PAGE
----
Family owned business succession planning is a choice; not doing it at all or biting the bullet and facing the hard questions before there is a need to do so. We may not have a choice about how we enter this world, but we can decide how we exit it. There are two options for family owned business owners. They can leave a positive legacy with a planned exit for the future of the family owned businesses they built over many years.
This is the first post in a series on family owned business succession planning. Much of what is discussed herein applies to the closely-held business, meaning the owners have agreed not to transfer their percentage of the business ownership without the written approval of all or a majority of the other owners. We will discuss some of the options a small business owner may have to exit the family business and leave a proud legacy.
There are three steps to a successful transfer or sale of any business. Design an exit plan, implement the plan and know the follow-through needed that will lead to the present owner’s eventual retirement. The plan must include a blue print of what will be done and who will see that it is implemented if a family run business owner becomes mentally or physically incapacitated or dies while owning all or a portion of the business.
This article focuses on the Key Employee, the person who often steps up to operate the business services in times of crisis or buy a business (the “Key Employee”). The Key Employee might be a child, or other relative of the family run business by blood or marriage, or a long time employee who is not a relative. The Key Employee may have proved his or her loyalty and influenced the growth or stability of the family owned business. It is essential to the family owned business owner’s financial protection that the Key Employee be incentivized to stay with the family business, continue to lead in its growth, and eventually it.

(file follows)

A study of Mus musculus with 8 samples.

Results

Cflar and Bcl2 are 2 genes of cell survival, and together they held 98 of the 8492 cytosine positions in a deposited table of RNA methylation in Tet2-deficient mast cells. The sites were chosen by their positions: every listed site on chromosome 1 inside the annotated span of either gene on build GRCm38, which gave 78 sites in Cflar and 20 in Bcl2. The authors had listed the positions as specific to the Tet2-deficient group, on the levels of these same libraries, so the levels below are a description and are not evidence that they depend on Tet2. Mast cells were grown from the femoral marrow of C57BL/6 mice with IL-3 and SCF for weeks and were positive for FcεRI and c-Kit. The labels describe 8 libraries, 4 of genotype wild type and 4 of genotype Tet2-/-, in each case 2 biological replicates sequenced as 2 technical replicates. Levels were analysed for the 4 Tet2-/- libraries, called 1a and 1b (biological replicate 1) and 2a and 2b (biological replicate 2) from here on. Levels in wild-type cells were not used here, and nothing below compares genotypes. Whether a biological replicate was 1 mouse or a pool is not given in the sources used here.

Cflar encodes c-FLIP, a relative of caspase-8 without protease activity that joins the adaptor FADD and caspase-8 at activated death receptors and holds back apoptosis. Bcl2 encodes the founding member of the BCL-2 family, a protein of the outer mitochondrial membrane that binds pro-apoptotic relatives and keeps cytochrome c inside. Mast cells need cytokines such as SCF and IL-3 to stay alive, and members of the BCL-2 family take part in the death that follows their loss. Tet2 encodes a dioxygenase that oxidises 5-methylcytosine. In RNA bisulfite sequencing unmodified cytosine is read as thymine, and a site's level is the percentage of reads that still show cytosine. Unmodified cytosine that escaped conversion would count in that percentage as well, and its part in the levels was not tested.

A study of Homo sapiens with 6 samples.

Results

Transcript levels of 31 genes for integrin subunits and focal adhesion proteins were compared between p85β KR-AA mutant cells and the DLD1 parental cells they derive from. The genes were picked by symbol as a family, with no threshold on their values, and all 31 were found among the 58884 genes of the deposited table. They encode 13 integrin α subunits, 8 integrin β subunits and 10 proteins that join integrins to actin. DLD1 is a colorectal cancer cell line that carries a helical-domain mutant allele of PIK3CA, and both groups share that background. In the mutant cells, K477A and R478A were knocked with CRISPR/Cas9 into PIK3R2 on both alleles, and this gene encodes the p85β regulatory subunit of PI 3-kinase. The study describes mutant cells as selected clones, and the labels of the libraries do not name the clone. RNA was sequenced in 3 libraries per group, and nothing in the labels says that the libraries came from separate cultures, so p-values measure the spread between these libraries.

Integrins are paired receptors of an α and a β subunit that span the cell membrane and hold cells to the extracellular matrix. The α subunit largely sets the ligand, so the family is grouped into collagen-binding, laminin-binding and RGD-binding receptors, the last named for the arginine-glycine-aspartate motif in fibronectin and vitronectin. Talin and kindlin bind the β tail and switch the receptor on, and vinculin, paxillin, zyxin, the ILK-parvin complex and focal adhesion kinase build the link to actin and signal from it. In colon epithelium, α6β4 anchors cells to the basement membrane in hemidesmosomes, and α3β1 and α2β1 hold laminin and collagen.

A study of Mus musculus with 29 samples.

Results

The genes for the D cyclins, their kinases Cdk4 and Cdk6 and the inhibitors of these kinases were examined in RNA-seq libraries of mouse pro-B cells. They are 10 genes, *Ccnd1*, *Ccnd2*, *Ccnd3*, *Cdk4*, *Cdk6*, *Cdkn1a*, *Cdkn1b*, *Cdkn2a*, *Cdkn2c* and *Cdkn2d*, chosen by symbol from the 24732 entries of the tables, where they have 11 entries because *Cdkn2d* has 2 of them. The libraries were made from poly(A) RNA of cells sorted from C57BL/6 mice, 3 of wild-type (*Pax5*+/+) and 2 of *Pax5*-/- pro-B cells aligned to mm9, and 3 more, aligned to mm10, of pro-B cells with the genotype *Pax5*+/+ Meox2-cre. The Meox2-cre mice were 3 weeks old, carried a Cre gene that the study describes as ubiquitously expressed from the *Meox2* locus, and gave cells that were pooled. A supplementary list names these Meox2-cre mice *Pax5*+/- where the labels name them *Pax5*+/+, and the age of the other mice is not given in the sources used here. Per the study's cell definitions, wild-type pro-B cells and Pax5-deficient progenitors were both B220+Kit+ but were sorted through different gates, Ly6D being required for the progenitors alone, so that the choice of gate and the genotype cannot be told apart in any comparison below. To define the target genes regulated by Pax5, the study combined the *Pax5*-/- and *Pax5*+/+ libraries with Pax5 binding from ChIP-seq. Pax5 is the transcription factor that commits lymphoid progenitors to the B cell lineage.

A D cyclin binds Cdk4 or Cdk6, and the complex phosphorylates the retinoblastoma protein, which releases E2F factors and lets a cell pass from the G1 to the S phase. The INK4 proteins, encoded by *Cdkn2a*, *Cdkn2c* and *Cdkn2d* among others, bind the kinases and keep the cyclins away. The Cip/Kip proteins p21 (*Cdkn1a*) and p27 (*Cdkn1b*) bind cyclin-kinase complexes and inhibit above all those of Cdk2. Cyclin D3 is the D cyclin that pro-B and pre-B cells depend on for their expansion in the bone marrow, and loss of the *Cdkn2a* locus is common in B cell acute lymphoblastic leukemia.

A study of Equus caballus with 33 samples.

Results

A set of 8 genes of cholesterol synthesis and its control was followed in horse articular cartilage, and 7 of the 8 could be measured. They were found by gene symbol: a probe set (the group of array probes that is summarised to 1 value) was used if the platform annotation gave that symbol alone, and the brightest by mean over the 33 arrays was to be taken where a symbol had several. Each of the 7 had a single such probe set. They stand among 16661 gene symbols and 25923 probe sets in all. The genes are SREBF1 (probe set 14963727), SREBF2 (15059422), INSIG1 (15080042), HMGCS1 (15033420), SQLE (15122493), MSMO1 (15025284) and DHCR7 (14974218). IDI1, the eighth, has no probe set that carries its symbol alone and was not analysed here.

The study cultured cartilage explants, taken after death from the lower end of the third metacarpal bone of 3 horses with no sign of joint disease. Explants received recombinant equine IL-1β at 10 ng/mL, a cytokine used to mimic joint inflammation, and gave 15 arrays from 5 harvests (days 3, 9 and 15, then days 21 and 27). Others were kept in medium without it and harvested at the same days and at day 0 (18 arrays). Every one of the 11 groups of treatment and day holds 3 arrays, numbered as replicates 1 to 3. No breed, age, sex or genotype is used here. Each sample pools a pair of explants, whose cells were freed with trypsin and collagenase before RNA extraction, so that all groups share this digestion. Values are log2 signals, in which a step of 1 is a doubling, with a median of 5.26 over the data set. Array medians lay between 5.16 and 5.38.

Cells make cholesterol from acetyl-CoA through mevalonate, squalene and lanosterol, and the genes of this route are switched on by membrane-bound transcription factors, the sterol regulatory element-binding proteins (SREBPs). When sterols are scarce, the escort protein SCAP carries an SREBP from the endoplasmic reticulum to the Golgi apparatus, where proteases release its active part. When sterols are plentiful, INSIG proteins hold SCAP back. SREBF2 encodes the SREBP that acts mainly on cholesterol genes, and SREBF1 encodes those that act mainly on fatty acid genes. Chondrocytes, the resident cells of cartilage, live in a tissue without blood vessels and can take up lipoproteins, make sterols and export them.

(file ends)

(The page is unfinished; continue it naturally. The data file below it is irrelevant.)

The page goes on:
When The Key Employee is a child of the family, one problem may be that the business owners/parents have two other children. They want to transfer the business ownership to that child, but there always seems to be at least one catch. Perhaps the other children have no interest in the family business. They may have never worked in it. The parents want to be fair to all of their children. They wonder if leaving one-third of the family business to each child, forcing the Key Employee/child to purchase two-thirds of the business from the other siblings. The business the child worked in for years, perhaps at a lower than competitive wage, provided substantial help in creating wealth in the family business. The parents are mindful that their Key Employee/child is also important to their financial well-being in their retirement years.
The first step in this exit strategy is to compose a written statement with their income and life-style goals for their retirement from the family owned business. The statement should describe what their retirement will look like when they exit the family business. After doing so, the remaining parts of their plan are the steps the business owners will take to achieve those goals (the “Exit Goals”). The steps toward the achievement of the Exit Goals will be described in subsequent articles in this series.